Job ID: 106465

PhD project – Neuronal bases of behavior evolution in Drosophila

Position: Ph.D. Student

Deadline: 2 April 2023

Employment Start Date: 3 October 2023

Contract Length: 3 years

City: Marseille

Country: France

Institution: Aix Marseille Université

Department: Institut de Biologie du Développement de Marseille (IBDM)


The NeuroSchool PhD Program of Aix-Marseille University (France) has launched its annual calls for PhD scholarships for students with a master’s degree in a non-French university.

The following project is one of the 14 proposed projects. Not all proposed projects will be funded, check our website for details.


State of the art: A central question in neurobiology is to understand at the genetic, molecular and cellular levels how neuronal circuits generate behaviors. Higher brain functions such as multi-sensory integration and decision-making processes are particularly poorly understood. In addition, how these functions are modified during evolution to promote the appearance of novel behaviors remains largely unknown. Which functional characteristics and circuit wiring principles evolve to change behavioral outputs? We can now address these questions by investigating the evolution of decision-making processes in Drosophila models.

We have developed a simple paradigm taking advantage of a divergence in egg-laying behavior (oviposition) between two genetically tractable fruit fly species. Most species including the model Drosophila melanogaster prefer to lay their eggs in rotten fruits, but the invasive pest Drosophila suzukii has evolved a novel preference for ripening fruits instead, causing important damage to the fruit industry worldwide. Using quantitative behavioral assays, chemically-defined oviposition substrates, neurogenetic tools and functional imaging approaches (calcium imaging), we have demonstrated that behavioral divergence is linked to differences in how sensory information is processed in the Central Nervous Systems (CNS) of these two species. More precisely, neuronal circuits controlling oviposition decisions in response to perception of fruit sugars appear to be tuned to different levels of activation in the two species.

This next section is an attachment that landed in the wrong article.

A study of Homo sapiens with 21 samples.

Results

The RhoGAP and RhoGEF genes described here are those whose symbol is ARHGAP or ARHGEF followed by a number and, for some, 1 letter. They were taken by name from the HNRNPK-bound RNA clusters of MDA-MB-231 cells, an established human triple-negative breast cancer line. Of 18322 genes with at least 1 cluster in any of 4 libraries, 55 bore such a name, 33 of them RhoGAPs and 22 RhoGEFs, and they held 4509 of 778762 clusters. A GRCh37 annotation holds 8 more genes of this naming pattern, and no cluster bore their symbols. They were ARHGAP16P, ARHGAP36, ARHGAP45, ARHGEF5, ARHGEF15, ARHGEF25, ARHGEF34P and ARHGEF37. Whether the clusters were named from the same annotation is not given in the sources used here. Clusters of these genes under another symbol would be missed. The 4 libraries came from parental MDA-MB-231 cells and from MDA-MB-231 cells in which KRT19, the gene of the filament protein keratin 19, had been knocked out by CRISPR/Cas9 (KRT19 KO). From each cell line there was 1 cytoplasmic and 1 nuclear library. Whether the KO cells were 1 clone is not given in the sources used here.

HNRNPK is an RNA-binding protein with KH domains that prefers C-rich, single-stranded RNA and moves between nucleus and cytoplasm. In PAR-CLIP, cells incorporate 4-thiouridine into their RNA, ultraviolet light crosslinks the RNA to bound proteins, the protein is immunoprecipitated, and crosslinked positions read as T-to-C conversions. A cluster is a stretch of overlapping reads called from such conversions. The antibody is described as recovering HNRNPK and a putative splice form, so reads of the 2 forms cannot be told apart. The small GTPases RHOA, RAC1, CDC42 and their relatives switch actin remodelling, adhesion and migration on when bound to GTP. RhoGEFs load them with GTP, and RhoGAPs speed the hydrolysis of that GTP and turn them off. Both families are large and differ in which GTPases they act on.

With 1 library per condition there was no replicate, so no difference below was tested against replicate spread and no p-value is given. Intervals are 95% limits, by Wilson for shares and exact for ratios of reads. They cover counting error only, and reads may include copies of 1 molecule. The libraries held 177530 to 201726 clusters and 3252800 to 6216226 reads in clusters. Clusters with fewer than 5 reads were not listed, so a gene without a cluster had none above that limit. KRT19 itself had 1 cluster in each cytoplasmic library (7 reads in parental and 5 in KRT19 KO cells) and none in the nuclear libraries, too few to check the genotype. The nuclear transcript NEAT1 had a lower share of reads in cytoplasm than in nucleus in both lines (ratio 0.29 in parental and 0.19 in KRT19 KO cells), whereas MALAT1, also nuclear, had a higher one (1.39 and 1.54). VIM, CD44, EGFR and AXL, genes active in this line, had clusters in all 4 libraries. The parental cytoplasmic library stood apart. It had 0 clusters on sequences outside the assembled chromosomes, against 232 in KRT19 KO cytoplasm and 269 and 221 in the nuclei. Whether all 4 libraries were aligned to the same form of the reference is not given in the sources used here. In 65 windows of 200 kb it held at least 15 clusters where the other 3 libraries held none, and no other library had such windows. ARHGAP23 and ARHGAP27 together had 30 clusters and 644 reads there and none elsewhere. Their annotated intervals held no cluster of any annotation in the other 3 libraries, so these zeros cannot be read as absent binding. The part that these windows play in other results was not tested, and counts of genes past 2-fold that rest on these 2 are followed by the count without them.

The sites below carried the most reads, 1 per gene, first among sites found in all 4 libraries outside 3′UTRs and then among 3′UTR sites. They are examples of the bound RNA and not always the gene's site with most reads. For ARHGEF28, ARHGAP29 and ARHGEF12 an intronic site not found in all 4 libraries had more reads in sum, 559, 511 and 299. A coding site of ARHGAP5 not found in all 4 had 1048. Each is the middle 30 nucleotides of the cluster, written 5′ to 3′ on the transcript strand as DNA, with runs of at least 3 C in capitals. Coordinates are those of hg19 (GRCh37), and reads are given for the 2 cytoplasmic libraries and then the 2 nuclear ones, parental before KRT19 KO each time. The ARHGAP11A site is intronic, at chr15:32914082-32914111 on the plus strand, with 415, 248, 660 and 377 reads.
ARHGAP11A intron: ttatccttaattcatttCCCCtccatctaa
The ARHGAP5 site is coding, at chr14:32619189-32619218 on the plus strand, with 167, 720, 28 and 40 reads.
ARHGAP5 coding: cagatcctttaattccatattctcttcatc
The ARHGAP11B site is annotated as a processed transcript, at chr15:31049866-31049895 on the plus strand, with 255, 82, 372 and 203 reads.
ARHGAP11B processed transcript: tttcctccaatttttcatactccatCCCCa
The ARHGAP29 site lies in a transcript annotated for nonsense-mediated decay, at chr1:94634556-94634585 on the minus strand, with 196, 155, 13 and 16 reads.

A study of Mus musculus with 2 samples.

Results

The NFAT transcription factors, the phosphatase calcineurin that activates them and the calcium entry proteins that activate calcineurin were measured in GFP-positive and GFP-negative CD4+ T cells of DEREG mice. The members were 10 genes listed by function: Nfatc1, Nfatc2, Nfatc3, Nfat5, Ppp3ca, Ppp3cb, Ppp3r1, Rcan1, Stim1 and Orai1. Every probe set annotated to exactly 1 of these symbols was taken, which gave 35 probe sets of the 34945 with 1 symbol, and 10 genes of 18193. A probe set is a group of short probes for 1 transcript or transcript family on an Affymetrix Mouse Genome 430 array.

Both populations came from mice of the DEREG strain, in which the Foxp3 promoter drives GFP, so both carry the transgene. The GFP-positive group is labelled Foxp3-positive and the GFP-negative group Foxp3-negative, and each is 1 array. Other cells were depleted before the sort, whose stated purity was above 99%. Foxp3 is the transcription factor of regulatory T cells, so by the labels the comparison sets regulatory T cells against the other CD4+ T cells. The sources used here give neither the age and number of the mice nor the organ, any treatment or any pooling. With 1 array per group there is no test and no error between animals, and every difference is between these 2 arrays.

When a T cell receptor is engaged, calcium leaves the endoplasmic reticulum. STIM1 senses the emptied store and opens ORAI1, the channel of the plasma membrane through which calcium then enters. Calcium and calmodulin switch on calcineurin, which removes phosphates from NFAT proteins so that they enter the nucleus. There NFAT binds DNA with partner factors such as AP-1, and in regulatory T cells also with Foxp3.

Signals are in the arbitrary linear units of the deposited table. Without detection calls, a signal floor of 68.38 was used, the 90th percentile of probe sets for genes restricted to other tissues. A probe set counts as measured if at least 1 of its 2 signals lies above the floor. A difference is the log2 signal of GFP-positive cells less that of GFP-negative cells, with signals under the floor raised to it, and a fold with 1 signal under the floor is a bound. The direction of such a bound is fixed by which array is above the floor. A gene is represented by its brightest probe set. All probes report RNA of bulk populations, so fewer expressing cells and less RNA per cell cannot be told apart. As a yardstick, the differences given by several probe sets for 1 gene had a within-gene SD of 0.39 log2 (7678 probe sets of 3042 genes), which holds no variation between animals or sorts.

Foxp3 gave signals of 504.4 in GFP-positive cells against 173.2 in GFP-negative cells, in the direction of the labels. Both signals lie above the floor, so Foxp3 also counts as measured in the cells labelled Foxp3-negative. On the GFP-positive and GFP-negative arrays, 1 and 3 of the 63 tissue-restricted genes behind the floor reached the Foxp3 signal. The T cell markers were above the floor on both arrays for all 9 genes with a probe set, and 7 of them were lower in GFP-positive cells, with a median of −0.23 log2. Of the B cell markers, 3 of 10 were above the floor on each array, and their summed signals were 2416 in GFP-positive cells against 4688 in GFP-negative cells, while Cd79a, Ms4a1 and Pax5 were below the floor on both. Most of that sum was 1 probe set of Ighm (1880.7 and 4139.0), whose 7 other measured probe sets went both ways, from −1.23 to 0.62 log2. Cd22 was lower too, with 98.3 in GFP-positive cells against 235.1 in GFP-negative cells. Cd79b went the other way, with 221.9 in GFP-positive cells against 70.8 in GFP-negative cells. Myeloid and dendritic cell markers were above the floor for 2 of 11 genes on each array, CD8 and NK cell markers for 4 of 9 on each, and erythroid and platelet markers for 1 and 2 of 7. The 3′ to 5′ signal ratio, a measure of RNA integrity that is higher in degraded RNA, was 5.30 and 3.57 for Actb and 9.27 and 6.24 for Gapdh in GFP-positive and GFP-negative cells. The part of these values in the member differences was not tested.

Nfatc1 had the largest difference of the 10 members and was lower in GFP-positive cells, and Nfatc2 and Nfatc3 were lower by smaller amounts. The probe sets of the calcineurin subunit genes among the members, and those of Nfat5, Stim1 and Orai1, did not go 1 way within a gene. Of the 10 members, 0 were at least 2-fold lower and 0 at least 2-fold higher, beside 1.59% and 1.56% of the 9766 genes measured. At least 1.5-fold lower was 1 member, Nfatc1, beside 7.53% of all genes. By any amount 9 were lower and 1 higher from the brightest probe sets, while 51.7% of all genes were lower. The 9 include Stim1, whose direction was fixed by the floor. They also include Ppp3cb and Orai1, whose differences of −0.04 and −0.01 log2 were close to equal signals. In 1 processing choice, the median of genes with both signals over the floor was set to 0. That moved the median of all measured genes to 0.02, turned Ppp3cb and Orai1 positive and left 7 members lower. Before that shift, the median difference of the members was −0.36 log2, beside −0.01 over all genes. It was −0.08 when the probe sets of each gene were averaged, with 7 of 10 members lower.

Objectives: Our aim is to identify the molecular, cellular and circuit-level bases of differential sensory processing contributing to inter-species behavioral divergence. To that end, the proposed project will use new transgenic tools in D. suzukii to manipulate populations of CNS neurons homologous to those controlling oviposition behavior in D. melanogaster. We will then compare the physiological properties and functional role of these CNS circuits in oviposition decisions across species.

Methods and feasibility: Oviposition neurons can be targeted in D. melanogaster via expression of the Gal4 transcriptional activator under the control of specific gene regulatory elements. We will use these regulatory sequences and standard transgenesis approaches to generate Gal4 transgenic lines in D. suzukii targeting similar sets of neurons. We will then compare anatomical features of these neurons across species using available fluorescent UAS reporters and compare their function in oviposition behavior assays using neuronal silencing and activating transgenes. Neuronal physiological properties will be assessed via calcium imaging (GCaMP reporter) upon stimulation of the sugar-sensory neurons. All resources, methodologies, equipment and expertise are available in the host institute and team.

Expected results: We expect to observe anatomical, physiological and/or functional differences between species in CNS oviposition neuronal circuits providing a functional basis for inter-species divergence of behavior.

Candidate profile: The candidate should have solid background in neurobiology, microscopy and quantitative analyses. Expertise in dissection, genetics and behavioral studies will be an asset.